7 Strategies for Getting Your Learners to Start Thinking Independently

by | Oct 23, 2017

Many people believe getting our learners to begin thinking independently is the main goal of education. “Teach students so that they don’t need the teacher.” But what if that wasn’t the case? What if there were something higher than independence? After all, Stephen Covey reminds us: independent thinking alone is not suited to interdependent reality.

Thinking independently comes as a part of working together collaboratively. In order to get there, these are the stages that we want to lead our students through: dependence to independence to interdependence. If we can get them from dependence to independence, we’re almost there. Interdependence comes with applying their hard-earned skills toward relationship building.

How are we going to help our students to start thinking independently so that they may eventually use those skills in practicing interdependence?

7 Steps Toward Thinking Independently

The first thing to do is make the idea of independent thinking feel safeMany students don’t believe they have freedom to have their own thoughts. In many cases when curriculum is geared toward literacy of a subject only (just the facts), students are taught to regurgitate ‘right’ answers. Unfortunately this doesn’t foster independent thinking.


For teachers, the quest for getting learners thinking independently takes on a priority, and consequently more interesting strategies. Here are a few:

1. Circus labs

Think of a 3-ring circus where something different is going on in each of the rings. If you use this strategy it may seem like a circus at times, but here’s how it works:

  • Approach your lesson via different angles or independent investigations.
  • Each student group takes over one of those angles and investigates it as much as they can.
  • After a while the groups rotate to another section, building upon what a previous group has done.
  • By the end of the lesson the subject matter is well covered by all groups.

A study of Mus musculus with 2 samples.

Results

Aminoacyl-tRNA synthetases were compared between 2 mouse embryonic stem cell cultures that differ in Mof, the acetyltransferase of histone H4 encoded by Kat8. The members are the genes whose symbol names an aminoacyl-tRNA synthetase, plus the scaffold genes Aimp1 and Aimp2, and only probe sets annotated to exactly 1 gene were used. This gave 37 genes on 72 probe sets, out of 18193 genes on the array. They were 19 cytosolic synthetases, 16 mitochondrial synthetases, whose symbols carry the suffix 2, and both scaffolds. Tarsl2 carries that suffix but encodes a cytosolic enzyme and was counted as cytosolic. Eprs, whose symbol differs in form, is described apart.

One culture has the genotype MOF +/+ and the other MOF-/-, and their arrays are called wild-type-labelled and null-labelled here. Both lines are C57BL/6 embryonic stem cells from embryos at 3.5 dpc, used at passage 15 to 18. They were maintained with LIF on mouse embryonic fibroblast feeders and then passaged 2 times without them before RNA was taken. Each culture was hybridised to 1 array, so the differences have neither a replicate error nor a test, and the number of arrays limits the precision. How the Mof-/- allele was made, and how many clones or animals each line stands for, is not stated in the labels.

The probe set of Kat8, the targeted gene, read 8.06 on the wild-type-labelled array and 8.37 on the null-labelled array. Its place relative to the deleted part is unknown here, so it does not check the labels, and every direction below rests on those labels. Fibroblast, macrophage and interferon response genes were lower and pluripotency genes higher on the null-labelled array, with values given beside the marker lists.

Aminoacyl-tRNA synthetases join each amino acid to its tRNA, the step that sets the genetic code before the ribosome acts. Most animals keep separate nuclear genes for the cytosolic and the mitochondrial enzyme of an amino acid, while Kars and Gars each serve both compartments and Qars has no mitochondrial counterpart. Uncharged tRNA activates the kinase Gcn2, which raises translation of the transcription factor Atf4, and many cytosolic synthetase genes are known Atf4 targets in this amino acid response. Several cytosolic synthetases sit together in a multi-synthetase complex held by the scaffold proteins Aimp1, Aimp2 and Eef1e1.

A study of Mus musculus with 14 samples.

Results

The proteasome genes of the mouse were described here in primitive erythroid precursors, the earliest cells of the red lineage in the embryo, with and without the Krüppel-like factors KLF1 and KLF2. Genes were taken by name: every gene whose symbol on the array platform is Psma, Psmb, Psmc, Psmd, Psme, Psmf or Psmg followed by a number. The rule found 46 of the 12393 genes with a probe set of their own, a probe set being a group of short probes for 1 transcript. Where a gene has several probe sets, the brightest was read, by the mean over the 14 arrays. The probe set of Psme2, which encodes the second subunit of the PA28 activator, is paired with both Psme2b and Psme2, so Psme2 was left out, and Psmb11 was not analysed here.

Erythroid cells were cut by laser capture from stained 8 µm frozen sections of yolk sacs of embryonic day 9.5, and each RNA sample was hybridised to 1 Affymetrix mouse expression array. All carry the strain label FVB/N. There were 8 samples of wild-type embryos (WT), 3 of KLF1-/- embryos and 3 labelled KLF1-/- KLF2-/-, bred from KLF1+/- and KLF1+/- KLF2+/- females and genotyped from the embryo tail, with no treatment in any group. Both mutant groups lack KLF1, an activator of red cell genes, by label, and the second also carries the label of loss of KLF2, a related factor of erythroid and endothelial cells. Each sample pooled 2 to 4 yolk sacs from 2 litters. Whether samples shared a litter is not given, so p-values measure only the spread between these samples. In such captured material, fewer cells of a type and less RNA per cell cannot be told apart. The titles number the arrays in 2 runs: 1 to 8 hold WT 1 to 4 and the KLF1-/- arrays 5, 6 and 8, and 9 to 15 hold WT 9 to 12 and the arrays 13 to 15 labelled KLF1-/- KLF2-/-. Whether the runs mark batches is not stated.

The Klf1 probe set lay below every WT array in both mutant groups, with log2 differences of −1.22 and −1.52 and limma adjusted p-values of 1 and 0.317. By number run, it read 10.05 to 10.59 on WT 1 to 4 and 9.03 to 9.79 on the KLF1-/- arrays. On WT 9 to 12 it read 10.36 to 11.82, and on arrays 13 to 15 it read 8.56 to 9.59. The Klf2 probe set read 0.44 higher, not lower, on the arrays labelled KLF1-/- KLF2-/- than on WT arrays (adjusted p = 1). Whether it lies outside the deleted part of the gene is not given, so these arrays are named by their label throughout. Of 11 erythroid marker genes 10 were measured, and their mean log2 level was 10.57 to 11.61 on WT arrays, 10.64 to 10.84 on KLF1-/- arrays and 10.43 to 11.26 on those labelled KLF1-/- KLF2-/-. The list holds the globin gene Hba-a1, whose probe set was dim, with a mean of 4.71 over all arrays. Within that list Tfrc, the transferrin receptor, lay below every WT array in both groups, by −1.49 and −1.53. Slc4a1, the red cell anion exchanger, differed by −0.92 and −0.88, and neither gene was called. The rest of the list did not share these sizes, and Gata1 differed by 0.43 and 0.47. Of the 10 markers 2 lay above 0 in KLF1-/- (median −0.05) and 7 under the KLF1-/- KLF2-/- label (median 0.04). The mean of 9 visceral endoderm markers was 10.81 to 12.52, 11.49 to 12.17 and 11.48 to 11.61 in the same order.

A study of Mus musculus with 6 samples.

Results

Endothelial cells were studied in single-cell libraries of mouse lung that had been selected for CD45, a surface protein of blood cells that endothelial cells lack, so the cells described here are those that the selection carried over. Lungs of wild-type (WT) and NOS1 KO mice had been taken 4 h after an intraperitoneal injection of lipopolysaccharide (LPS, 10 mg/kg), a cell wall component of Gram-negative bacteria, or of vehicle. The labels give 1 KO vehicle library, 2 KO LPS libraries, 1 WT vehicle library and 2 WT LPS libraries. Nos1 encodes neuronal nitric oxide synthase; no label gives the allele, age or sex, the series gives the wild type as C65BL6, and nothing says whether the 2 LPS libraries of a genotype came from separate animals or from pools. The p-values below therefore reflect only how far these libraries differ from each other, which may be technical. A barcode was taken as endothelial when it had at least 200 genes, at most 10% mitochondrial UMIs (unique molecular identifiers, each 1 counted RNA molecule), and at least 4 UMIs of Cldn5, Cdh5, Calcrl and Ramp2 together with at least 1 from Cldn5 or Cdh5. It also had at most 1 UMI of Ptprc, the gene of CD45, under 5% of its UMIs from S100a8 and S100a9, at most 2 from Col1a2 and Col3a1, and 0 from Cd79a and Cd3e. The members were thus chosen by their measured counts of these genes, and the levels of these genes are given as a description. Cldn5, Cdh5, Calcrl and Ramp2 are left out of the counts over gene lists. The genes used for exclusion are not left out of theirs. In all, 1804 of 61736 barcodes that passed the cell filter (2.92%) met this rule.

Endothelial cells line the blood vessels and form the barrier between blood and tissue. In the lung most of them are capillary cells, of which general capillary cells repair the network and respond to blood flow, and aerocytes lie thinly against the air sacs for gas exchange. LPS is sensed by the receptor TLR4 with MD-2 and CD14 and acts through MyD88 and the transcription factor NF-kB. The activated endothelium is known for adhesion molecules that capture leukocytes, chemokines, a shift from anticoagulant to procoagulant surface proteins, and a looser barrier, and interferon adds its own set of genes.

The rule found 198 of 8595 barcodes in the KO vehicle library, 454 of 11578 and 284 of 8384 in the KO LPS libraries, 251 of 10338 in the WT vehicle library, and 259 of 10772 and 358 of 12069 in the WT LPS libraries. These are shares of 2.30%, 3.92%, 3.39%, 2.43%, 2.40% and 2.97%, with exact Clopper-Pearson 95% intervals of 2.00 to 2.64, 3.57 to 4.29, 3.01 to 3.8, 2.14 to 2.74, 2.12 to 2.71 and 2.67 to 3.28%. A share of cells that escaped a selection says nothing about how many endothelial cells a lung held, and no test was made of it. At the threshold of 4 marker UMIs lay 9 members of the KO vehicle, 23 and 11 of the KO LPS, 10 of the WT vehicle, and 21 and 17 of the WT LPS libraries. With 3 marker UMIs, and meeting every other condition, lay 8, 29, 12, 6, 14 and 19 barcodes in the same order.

How does this contribute to thinking independently? Certainly students are not as dependent upon the teacher giving them the answers as they are of each other. This makes it a great team building and collaboration exercise.

Perhaps we can be clearer in saying this is a project on “interdependence,” but it certainly requires independent thinking to get there.


This technique is a great way to get kids to honour mistakes as ways of learning. It sends the message that seeing mistakes in your own work is a great way to learn. Student and teacher proceed to take apart the problem and say what went wrong. Remember this is the last step in the Solution Fluency process and a step which often gets neglected.


3. Revise old papers

Let’s say students have written something at the beginning of the year. How about towards the end of the school year we revisit that old paper and try to rewrite it and improve it? Can you imagine what allowing students’ thoughts to gestate throughout the year will do for their writing, especially after receiving great instruction from you?

By reflecting upon previous instruction and applying it to revisited work, students grow by seeing how their thoughts and techniques have changed.

4. Set goals with “big questions”

Make the “big question” the important driving force of your instruction. Begin the first week with one question to encapsulate the following weeks as students ponder it. For instance, “How can we play this musical piece at a professional level worthy of Carnegie Hall?”


5. “Fact or Fiction?”

Create a booklet about a particular topic with each page highlighting a statement found from the Internet or other source. Ask the reader of your booklet to determine whether an entry is true or not. Turn the page and the answer is revealed, with references that either dispute or support the statement.

This is a great way to get kids to really practice research and information-vetting. This also supports their mastery of Information Fluency. You’ll find an exercise similar to this one along with many other great activities for thinking independently in our popular Critical Thinking Workbook.


Imagine asking your students to report on a place or time in history or in another part of the world. Have them write a piece using their Five Senses. This exercise is based on extensive research and delving into using their imaginations.

It guides students to rely on their own minds based on what they find. With today’s technology—such as virtual reality, Google Cardboard, and virtual field tripsthis could be a real fun project. Because you can’t fake the senses, the Five Senses project forces students to use their own thoughts and words.

7. Bank on Bloom’s

If you haven’t recognized Bloom’s Taxonomy, take a look. We teachers know the importance of Bloom’s work as a way to foster abilities for thinking independently. While you’re at it, take a look at Bloom’s Digital Taxonomy to see how we can apply the it to digital media.

We started talking today about interdependence. Collaboration and working together are the end result of what we want to achieve along with independent thinking.